Scheer on fire early at the NFR


On Friday night during the second round of the Wrangler National Finals Rodeo, they were tested by the nastiest bucking beasts in the game – horses that are so hard to ride, they’re called eliminators. How tough were the broncs? Of the 15 guys in the competition, only six stayed on for the qualifying eight seconds.

Cort Scheer
Cort Scheer

Cort Scheer was one of them, riding through the rank moves of Rafter H Rodeo’s Spade for 87 points to finish in second place in the go-round. He won $14,724, pushing his NFR earnings to $25,841 – that’s the most of any bronc rider competing in Las Vegas. More importantly, the Elsmere, Neb., cowboy has moved to the No. 3 spot in the world standings with eight rounds remaining.

“I was real happy with the way it turned out,” said Scheer, who mounted Spade for the first time in his career. “I’ve seen that horse a lot. I’ve seen him rip bareback riders’ arms off. I was dang sure nervous as heck. You just have to get through those first moves at the start. Once you do, I know he’s really good.

“He feels really good, but he’s hard to get started on.”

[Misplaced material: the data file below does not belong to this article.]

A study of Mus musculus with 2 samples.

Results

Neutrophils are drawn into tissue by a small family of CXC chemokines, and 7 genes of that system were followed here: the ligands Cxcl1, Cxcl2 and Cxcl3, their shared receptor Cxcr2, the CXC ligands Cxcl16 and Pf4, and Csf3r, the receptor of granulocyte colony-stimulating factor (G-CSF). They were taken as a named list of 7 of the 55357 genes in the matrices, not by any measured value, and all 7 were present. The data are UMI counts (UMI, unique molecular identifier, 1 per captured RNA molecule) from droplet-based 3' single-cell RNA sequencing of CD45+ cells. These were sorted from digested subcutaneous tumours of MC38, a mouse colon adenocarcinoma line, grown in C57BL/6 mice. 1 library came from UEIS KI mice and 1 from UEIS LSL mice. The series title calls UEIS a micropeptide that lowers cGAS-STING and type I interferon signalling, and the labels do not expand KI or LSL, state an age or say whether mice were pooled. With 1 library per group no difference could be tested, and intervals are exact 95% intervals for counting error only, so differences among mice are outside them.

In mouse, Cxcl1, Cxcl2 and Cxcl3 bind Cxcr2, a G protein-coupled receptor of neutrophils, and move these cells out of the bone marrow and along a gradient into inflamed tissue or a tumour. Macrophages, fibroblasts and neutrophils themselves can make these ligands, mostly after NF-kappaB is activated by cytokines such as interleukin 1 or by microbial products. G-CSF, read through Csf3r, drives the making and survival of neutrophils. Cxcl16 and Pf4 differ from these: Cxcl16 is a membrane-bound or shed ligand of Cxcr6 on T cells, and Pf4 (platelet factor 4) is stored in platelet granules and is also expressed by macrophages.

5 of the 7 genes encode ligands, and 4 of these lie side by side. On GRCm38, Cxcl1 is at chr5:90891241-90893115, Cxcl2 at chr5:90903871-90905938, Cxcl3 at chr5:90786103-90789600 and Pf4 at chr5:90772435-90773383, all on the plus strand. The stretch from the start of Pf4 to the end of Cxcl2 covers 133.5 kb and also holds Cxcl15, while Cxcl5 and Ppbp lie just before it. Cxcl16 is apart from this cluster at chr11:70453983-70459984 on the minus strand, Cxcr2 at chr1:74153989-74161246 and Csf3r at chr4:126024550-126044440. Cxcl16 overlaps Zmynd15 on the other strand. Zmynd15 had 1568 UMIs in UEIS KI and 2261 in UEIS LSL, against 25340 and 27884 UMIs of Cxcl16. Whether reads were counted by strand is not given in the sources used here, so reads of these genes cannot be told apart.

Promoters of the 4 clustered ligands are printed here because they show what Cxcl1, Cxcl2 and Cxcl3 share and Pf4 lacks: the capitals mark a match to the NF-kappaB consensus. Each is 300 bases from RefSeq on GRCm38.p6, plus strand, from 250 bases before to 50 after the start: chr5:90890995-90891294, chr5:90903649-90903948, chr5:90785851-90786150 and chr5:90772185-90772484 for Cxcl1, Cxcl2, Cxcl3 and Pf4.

Spade has the early moves that tend to push a cowboy’s stirrups back, which gives the horse a big advantage. Oftentimes when bronc riders buck off, it’s because their feet slip back behind them, and they are bucked off over the top of the big black horse. Scheer, though, took care of business.

“I believe you can ride anything,” he said. “It’s about getting your mind right. Whatever doubts you have in your mind, you just have to throw it out.

“When you get to the eliminator pen, they’re huge, fire-breathing rascals, so to get through that night the way we did was awesome.”

Placing in the first two rounds of ProRodeo’s grand finale is a great way to start the rugged 10-day championship. The key, though, is to keep that momentum going forward.

“Honestly the key is not even thinking about it,” Scheer said. “You just don’t think about what’s going on. It gets a little redundant, but you just ride each horse the best you can and see what happens. I just try to relax and take it a day at a time. I know it’s cliché, but if you can do that, you add just a little fuel to the fire.”

The fire already is burning brightly for Scheer.